Then Jesus told him, “Because you have seen me, you have believed; blessed are those who have not seen and yet have believed.” – John 20.29
Over the years I have found myself more and more endeared to this story, especially to its authenticity.
It could have been just as easy for John to exclude the account of Thomas’ doubt and simply allow only the glamorous stories to be told, but John is too real for that. In fact, the gospel of Jesus Christ is too real for that.
After all, what makes the good news, good news, is that what it declares happened with the death and resurrection of Jesus, is too good to be true.
This is why it’s considered “GOOD” news, and not ordinary or expected or unsurprising news.
The gospel is radical! It’s shocking! It’s unbelievable!
If we’re honest, doesn’t the good news generate a sense of disbelief even in the most passionate of followers of Christ?
What? – God loves me how much? Jesus was willing to go how far? God is doing what with me, and the world?
I love this story because of the honesty in which it handles the invitation of God. An invitation offered through Jesus Christ, to even the doubters, or maybe we should say, especially to the doubters. When I reflect on God’s outrageous invitation I think of the words of Frederick Buechner and how describes as an invitation that is one part tragedy, one part comedy, and one part fairy tale. All of which, if we look for it, are seen in Thomas’ story.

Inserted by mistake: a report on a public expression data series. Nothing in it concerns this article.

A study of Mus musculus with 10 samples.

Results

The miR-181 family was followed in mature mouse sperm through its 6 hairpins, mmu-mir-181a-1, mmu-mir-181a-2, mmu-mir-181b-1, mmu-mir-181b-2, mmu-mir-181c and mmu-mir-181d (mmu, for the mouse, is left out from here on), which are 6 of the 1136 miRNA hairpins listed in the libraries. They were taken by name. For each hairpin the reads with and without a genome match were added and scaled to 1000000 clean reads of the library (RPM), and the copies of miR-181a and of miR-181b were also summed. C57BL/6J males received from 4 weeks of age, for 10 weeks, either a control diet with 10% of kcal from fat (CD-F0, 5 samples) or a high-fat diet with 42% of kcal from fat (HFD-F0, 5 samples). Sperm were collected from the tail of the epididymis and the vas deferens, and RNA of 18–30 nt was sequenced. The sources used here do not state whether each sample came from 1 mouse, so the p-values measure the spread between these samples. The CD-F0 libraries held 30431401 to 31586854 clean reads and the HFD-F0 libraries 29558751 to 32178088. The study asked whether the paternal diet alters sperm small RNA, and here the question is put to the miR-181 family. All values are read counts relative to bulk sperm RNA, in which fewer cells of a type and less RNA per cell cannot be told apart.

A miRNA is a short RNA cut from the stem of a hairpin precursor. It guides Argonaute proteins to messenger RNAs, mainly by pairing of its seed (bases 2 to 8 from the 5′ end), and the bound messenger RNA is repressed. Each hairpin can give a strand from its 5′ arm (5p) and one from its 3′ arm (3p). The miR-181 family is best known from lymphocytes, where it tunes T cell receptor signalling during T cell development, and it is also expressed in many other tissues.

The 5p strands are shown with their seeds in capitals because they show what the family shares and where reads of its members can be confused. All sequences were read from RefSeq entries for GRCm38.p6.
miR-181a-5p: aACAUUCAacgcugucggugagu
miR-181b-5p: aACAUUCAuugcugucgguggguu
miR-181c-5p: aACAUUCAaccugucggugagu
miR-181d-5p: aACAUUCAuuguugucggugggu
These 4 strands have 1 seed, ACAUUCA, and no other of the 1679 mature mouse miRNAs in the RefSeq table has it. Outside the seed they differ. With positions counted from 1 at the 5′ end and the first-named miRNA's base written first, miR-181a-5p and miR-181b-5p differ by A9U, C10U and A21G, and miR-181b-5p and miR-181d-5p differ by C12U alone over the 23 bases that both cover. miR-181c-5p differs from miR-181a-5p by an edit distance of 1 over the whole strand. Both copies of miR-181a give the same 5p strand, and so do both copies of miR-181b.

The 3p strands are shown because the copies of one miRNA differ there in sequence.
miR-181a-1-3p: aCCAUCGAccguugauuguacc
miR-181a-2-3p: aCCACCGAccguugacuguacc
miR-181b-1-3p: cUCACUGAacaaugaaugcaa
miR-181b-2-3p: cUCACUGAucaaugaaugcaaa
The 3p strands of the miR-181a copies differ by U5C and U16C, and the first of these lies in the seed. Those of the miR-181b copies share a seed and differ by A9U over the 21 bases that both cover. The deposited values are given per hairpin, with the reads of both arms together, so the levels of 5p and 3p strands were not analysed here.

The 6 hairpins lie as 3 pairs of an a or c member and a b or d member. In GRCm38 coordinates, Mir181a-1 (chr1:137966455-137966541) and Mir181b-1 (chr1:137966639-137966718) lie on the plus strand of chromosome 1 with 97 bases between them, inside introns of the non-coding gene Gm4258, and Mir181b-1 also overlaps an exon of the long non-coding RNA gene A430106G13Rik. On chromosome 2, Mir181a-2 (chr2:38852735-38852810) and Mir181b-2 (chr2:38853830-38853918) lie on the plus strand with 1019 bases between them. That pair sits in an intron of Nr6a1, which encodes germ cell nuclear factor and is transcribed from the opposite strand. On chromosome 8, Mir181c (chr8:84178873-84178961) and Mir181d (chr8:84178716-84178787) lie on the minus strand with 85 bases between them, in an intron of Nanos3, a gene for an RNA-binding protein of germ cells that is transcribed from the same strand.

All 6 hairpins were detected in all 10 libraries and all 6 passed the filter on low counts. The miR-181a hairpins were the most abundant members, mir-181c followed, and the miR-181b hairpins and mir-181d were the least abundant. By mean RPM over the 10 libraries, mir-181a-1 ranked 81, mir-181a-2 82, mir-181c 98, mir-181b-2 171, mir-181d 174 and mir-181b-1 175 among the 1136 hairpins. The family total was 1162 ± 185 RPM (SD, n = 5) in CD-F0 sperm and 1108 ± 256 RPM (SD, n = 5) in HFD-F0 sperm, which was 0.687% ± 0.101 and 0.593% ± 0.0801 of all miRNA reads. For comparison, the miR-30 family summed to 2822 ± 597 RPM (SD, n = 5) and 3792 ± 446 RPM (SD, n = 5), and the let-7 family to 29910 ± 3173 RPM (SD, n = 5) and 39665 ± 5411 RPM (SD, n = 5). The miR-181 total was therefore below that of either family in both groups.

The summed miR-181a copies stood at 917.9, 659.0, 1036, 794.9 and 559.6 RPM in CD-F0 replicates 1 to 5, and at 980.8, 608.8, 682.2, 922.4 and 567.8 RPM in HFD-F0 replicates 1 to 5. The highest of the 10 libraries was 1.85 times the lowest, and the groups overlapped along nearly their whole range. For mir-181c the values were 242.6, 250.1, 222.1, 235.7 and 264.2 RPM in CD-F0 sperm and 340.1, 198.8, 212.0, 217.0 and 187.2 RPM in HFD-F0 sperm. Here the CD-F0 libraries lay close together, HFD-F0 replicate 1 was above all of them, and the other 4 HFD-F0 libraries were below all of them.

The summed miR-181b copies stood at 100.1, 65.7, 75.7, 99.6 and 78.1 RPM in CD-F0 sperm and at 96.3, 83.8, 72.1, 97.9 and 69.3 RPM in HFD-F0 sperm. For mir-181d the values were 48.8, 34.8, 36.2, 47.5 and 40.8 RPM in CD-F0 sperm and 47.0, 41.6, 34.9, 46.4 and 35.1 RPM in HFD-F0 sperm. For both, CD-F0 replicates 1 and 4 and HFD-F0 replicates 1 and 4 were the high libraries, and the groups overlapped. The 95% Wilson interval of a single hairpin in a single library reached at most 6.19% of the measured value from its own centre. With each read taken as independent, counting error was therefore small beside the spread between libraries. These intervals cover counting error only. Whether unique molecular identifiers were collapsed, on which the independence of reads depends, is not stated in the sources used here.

Thomas doubts, not because he doesn’t love God, and not because he wants to be “worldly”. He doubts because the resurrection of Jesus Christ is so subversive to what he has understood of God and the world that he finds it difficult to take the leap of faith without some form of encounter with Jesus himself. And the beautiful thing is, Jesus honors his request.
Jesus comes to Thomas and enters into his doubts with him. Jesus is not deterred by Thomas’ questions or misguided assumptions, because the love of God which conquered death, cannot be conquered by doubt.
For me, the most powerful message in this story is how Jesus takes Thomas’ doubt, which is usually viewed as an exit from faith, and instead uses as an entrance into a deeper and more intimate encounter.
Let’s be honest, if we walk out this journey with Jesus long enough, doubts will surely creep into our mind. He is after all, the God of unbelievable love and adventure. He will stretch us. He will challenge us to deeper levels of trust and intimacy with him. He will ask us to take the risks that come with faith.
So this is my encouragement. When those times come, don’t freak out. Don’t panic. Just stay engaged, stay in pursuit, and invite Jesus to open your eyes and heart to his presence and will. Hold out your doubt, as you would your faith, and ask him to meet you in it.
Our doubts do not have to be exits from our faith; in fact, they can be entrances to a deeper faith. If we are willing to stay open to his presence and leading – After all, isn’t this why Jesus calls “blessed” the belief of those who haven’t seen him?